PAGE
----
John Gilliam Settlement

Location: Near the John Stallard place on Birchfield Road about 300 yards on a by-road that heads up here and on the left side of the by-road.

Date: 1840-1842

Owners: John Gilliam bought a very large tract of land around this place about 1840. It is said that he paid for it with a rifle gun. The land that this house stood on is now owned by Kelly and Vicars.

Description: The house here, or that formerly stood here, was a one story log house with a lean-to kitchen. Puncheon floors and board roof. Stone and daubed chimney on the west end. The house also was chinked and mud daubed and faced eastward toward the road.

Historical Significance: John Gilliam built this house and lived here until the Civil War. He was in sympathy with the Federalists and left Wise County about the beginning of the war and moved to Louisa, KY and served
with the Union Army. Henderson H. Dotson lived there during the war.

     John Gilliam was a son of Richard and Judy Gilliam of Scott County, born 1804, died September 27, 1898. His parents were of Scotch Irish extraction and his father fought in the battle of King's Mountain during the Revolution. He fought under Campbell in this battle. John Gilliam emigrated from Scott County in 1842
and settled on Glade Creek, two miles north of Wise Courthouse where he bought several hundred acres of land for a pony and rifle gun. His first wife was  (Hattie) Martha, a daughter of William Elliott of Scott County and
she died at Louisa, KY of smallpox during the Civil War.  He married the second time Elizabeth Smith and the third time Hettie Wilson Vance, better known to the older people of Wise County as Aunt Hettie Gilliam. He enlisted in the Union Army at Catlettsburg, KY, and served until the end of the war. He was with
the command of General James A. Garfield when he destroyed the Confederate breastworks and burned the camp at the Pound Gap, on March 19, 1862 and was with the Union Troops that burned the Wise County Courthouse in 1864, at which fire he saved part of the records from being burned.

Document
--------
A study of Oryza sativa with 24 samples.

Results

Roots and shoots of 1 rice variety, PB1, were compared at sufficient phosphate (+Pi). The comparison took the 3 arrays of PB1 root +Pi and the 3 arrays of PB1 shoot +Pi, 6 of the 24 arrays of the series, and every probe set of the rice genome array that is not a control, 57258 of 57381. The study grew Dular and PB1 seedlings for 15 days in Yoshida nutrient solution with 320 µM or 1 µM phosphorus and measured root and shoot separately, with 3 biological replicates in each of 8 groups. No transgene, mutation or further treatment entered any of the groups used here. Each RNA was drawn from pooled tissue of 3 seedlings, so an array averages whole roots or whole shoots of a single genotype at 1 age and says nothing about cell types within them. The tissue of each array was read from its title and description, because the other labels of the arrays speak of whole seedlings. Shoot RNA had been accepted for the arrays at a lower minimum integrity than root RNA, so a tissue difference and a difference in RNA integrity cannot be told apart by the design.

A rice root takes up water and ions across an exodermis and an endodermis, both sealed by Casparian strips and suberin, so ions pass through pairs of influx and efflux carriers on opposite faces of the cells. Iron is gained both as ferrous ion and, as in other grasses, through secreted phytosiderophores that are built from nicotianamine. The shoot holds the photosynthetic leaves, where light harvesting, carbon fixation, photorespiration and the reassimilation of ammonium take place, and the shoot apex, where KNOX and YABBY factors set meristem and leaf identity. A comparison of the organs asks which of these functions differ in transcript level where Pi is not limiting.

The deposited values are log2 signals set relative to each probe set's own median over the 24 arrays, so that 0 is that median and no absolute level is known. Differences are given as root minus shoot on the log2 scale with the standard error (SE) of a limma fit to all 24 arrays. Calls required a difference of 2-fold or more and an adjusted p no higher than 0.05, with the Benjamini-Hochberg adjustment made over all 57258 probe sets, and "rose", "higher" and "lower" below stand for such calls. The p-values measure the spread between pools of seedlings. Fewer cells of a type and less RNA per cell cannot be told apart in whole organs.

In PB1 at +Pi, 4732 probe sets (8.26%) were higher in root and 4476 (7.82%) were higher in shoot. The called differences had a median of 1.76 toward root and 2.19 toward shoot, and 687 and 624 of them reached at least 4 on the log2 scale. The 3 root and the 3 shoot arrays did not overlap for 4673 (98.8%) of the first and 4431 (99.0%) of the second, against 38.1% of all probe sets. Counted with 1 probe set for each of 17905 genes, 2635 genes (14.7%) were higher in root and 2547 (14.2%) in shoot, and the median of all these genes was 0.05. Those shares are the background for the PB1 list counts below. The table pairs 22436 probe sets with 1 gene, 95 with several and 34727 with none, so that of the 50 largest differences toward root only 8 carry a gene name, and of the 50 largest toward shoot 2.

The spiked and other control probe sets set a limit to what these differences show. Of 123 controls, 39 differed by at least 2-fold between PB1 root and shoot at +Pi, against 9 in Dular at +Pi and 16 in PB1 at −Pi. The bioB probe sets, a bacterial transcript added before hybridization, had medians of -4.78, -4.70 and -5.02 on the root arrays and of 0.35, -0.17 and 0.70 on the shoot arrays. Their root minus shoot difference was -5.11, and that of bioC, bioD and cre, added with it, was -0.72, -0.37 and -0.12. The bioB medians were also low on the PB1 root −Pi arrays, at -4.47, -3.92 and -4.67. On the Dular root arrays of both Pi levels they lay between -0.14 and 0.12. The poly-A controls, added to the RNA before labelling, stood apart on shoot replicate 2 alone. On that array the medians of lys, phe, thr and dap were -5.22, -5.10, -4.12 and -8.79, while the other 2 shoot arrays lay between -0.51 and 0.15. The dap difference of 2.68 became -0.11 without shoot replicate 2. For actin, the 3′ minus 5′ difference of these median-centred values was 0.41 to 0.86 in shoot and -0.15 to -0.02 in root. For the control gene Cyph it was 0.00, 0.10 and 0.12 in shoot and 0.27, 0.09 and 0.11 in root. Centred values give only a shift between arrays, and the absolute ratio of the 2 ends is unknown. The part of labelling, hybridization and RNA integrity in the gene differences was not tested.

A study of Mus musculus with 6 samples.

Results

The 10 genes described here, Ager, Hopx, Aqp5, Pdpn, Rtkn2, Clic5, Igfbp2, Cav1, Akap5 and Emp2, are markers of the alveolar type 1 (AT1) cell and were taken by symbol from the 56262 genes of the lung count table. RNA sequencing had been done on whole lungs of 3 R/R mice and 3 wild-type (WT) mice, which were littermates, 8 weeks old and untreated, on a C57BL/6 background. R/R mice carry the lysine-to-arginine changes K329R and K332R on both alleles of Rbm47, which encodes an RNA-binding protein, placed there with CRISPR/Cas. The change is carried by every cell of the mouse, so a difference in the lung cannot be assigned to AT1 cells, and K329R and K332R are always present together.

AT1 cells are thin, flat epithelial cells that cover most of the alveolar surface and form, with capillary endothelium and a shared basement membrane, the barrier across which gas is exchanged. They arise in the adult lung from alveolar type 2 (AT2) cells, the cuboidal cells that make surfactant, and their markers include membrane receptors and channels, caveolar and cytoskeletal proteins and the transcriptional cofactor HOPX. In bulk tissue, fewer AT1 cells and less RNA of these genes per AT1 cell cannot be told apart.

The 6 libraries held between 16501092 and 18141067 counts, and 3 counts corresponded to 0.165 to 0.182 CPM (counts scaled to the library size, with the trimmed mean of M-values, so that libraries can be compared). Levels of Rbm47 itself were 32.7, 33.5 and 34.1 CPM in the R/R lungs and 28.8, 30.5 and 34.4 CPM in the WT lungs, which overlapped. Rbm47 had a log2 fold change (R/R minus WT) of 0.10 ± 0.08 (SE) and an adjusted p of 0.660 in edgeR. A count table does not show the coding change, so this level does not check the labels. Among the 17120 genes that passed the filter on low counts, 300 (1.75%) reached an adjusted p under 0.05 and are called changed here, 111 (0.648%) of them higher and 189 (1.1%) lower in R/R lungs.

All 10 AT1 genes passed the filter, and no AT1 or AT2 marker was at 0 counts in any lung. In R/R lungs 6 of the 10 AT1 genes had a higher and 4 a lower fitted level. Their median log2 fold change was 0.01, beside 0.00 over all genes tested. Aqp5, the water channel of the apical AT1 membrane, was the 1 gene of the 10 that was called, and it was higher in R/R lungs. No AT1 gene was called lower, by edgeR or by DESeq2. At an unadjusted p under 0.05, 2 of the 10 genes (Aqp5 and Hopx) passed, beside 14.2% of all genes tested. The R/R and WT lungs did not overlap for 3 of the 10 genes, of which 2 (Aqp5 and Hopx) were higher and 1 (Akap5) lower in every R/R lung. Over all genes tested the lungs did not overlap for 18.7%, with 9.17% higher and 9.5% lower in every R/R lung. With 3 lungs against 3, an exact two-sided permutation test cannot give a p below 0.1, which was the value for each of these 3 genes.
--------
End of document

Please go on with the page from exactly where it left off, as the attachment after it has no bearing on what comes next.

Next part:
Sometime during the Civil War he was caught for Unionism and sentenced to be hanged. Judge Henry S. Kane of Estilville, (now Gate City) defended him and he was liberated. 
John Gilliam was the first Overseer of the Poor for Wise County, 
elected July 28, 1856.
   His son, William Gilliam, enlisted in Capt. Salyers, Company H, 50th Virginia Confederate Volunteers,
June 3, 1861 but quitted that Company July 27, 1861 and joined the Union forces and died of smallpox at Louisa, KY, sometime during the war. He was born in 1827 and married to Elizabeth, a daughter of Stephen Skeens.
     His son, Martin, also was a member of the above mentioned Company and deserted to serve in the Union Army, July 11, 1861. Martin was born in 1835 and was married to Jane, a daughter of Stephen Skeen.
     His son, Lilburn, who married Cinda Parks also died of smallpox at Louisa, KY during the war.
    John and Martha Gilliam were members of the Big Glades Baptist Church, also William and Martin.
William and his wife Elizabeth joined on August 4, 1848.
     In 1862 Uncle Morgan Lipps was Pastor of this Church, when he was taken a prisoner to Louisa, KY, by the Unionists. John Gilliam was with the squad that captured him and, being a brother to Mr. Lipps in the church as well as friend and neighbor, he promised Aunt Betty Lipps, (wife of Morgan), that he would see that no harm befell her husband.
     After the Civil War was over and peace had been made, John Gilliam again returned to his old home on Glade Creek and there spent the balance of his days.

Source of Information: J. E. Lipps, C. A. Johnson, J. T. Adams and Court and War Records.